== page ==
September 9, 1993 |
Last week, the Borough Council decided to write an ordinance wiping New Street off the maps and out of existence. The council held a hearing during its regular Sept. 1 meeting on the pros and cons of getting rid of the street. There were no cons. "The borough has no use in keeping it," said council member Jay Silber. "The street is a disservice to the borough. " New Street is described by officials as a 300-yard, dead-end, unpaved path going nowhere. It is behind the houses on the south side of the 400 block of Chestnut Street.
July 8, 1993 |
A lover of fine-quality clothes, Wanda Hawkins used to do most of her shopping at Macy's and Bloomingdale's. But no more. Hawkins, 39, the owner of an exotic-and-classic-car showroom in Furlong, now buys many of her clothes at consignment shops. "You get quality clothes for practically nothing," Hawkins said as she placed some "finds" on the counter at Reruns in Furlong. "There's always plenty of clothes in my size. " Pat Gyuraki, owner of Reruns, added up the bill. For $104, Hawkins had bought six pairs of shoes - half of which had never been worn; a print skirt, and a European label (Sunny Leigh)
May 9, 1993 |
They didn't exactly dicker, Ruth Obrecht and Walter Sherin, the man the young people call Bigfoot. They didn't really need to, not after Obrecht let on to the consignment- shop owner that she just wanted the good-as-new exerciser out of her house. "OK, then, we're going to come to terms," Sherin announced. She wanted $75 for it. Sherin shook his head. She wouldn't get that. "Fifty dollars?" Obrecht wondered. After all, the exerciser was barely used, had all the original pads, even the directions.
February 4, 1993 |
Vickie Krane has spent the last few months browsing through other women's closets. Last month, Krane and her husband, Jeff, who own the Gladwyne Cleaners, opened the Village Boutique, a consignment and retail clothing store at Righters Mill and Youngsford Roads, in the heart of Gladwyne. Since the fall, the Kranes have been gathering merchandise for the new store "from the finest closets on the Main Line," Krane said. Their big break came when they were contacted by Albert Nipon and his wife, who consigned hundreds of outfits.
January 21, 1993 |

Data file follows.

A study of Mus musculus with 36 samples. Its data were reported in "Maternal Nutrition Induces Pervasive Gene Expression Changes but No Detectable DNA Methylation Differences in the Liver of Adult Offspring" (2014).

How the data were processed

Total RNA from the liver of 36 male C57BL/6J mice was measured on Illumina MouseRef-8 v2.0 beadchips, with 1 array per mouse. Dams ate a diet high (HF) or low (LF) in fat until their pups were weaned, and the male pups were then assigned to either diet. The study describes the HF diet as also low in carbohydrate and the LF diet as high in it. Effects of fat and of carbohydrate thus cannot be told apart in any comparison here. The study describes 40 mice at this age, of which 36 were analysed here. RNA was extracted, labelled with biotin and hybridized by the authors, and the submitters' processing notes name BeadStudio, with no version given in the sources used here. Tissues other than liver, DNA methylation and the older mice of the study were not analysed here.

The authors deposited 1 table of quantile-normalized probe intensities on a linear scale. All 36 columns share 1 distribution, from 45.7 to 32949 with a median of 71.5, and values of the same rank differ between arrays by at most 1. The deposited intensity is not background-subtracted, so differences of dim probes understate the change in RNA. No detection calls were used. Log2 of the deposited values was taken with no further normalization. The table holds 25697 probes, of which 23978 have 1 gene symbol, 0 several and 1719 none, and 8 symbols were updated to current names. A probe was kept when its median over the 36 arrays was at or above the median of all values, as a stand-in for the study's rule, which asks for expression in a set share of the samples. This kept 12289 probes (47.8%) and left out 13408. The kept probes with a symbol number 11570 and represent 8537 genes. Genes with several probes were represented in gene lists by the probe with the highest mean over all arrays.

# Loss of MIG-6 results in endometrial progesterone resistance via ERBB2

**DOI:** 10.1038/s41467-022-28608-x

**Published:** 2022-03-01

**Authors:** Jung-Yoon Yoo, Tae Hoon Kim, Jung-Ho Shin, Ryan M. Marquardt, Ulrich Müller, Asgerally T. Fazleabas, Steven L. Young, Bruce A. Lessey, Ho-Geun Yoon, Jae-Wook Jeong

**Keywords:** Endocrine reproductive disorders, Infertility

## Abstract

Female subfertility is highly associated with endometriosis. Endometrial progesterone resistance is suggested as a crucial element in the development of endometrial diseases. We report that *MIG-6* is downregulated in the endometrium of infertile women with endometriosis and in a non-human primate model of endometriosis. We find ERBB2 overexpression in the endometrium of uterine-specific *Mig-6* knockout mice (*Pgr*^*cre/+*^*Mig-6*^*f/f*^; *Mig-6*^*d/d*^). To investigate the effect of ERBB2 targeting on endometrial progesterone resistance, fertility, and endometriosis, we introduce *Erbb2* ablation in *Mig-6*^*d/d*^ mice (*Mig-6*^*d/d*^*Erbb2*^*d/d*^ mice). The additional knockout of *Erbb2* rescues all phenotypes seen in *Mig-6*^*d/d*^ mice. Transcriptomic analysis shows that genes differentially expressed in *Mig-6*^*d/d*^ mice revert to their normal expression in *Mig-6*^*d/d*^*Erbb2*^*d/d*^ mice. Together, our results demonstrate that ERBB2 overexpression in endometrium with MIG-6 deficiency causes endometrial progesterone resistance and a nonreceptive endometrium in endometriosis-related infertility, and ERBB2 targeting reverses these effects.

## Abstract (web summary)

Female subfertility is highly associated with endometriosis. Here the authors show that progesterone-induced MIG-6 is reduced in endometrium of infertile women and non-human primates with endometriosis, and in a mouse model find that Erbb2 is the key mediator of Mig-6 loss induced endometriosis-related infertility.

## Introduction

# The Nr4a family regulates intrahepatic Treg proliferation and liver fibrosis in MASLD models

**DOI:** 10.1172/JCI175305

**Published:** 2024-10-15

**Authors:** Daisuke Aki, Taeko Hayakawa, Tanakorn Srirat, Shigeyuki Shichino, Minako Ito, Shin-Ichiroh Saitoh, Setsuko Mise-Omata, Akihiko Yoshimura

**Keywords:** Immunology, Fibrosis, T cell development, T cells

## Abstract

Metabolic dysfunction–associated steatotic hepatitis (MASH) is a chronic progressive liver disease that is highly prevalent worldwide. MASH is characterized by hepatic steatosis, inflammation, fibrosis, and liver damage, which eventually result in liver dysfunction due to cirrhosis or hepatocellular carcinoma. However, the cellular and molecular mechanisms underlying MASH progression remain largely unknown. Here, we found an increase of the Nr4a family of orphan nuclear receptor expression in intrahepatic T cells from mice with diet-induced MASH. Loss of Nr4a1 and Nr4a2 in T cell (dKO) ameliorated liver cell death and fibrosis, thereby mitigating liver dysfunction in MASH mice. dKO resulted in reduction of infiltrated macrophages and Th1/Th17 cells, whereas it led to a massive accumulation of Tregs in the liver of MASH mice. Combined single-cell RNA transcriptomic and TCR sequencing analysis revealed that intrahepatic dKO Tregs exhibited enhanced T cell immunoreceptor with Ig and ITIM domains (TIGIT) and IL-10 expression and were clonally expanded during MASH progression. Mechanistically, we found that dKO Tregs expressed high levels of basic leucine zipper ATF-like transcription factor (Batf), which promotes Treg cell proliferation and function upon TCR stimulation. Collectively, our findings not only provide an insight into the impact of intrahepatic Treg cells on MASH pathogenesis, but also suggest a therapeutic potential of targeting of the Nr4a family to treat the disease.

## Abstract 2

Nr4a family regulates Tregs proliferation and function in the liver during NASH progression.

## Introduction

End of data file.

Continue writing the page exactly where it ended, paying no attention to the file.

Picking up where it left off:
Five Philadelphia men have been charged with smashing the front window of Renaissance Resale and Consignment in Bryn Mawr Saturday morning and stealing about $5,000 worth of women's fur coats and leather jackets. Lower Merion police arrested the five after a car chase and took them to Montgomery County Prison. Lt. George Clement said three of the men were transvestites. Police discovered this, he said, when the men changed into prison uniforms and three of them were wearing women's underwear.
October 17, 1992 |
As American names go, Homans is quite distinguished, going back to the colonial era and currently appearing in both the Social Register and Who's Who. Next weekend, testimony to the significance of the family in U.S. history will go on the auction block, when Barry Slosberg auctions off about 100 lots of possessions of Robert S. Homans. The goods will be a major part of an auction beginning at 10 a.m. Saturday and Oct. 25 at the BSB Gallery, 232 N. Second St. The top item from the Homans consignment probably is a piece of scrimshaw acquired by Benjamin Homans, a naval officer in the War of 1812.
August 31, 1992 |
So you want to go into business for yourself? But you're risk-averse? Cash- poor? And mindful it's a sluggish economy? Look no farther than your own - and your friends' - closets. Selling "nearly new" clothing and other items on consignment - an arrangement under which individuals are paid only if their merchandise is sold - would seem to be a business born for the downsized '90s. It's economical, ecological (after all, everything is being recycled) and entrepreneurial. And, sure enough, growing numbers of women in the Philadelphia area and across the country, many with no retail experience, are setting up shop these days.
July 5, 1992 |
Senators can be studied in committee hearings or television studios, but governors must be seen in their home states if they are to be understood. Take Bill Clinton out of Arkansas and he seems another blow-dried politician with a smooth way of talking. Watch him at home, in the state he has governed for 12 of the last 14 years, and you can tell he's something more than that. Last weekend, two weeks away from claiming the Democratic presidential nomination, Clinton took an evening off from the campaign to look in on two programs he had helped launch as governor.
April 3, 1992 |
A row of Raggedy Anns and Andys sit patiently awaiting their maker, as do a stack of pastel afghans. Scattered around the large room, dimmed now by brown paper covering the front windows, are boxes of potholders, mittens, bibs - evidence that age does not idle the hands of many. After 32 years, Elder Craftsmen of Philadelphia closed its doors at 1628 Walnut St. on Tuesday. With it went a peculiar institution, born of blue-blood do-gooderism, a victim of 1990s economics. The three-story building that housed Elder Craftsmen is up for sale.
November 16, 1991 |
In the world of collectibles there are some that have a populist image - baseball cards, for instance - and some that do not - like vinaigrettes. Vinaigrettes are small perforated lockets that, decades ago, could be filled with smelling salts or similar aromatic contents. Usually they were worn by the upper classes, according to Charles A. Whitaker, who will be selling a collection of more than a dozen next Saturday in an auction beginning at 10 a.m. at the New Hope Eagle Fire Company on Route 202. "They would take a whiff or two if they had been standing in a group of peasants for too long," Whitaker said yesterday.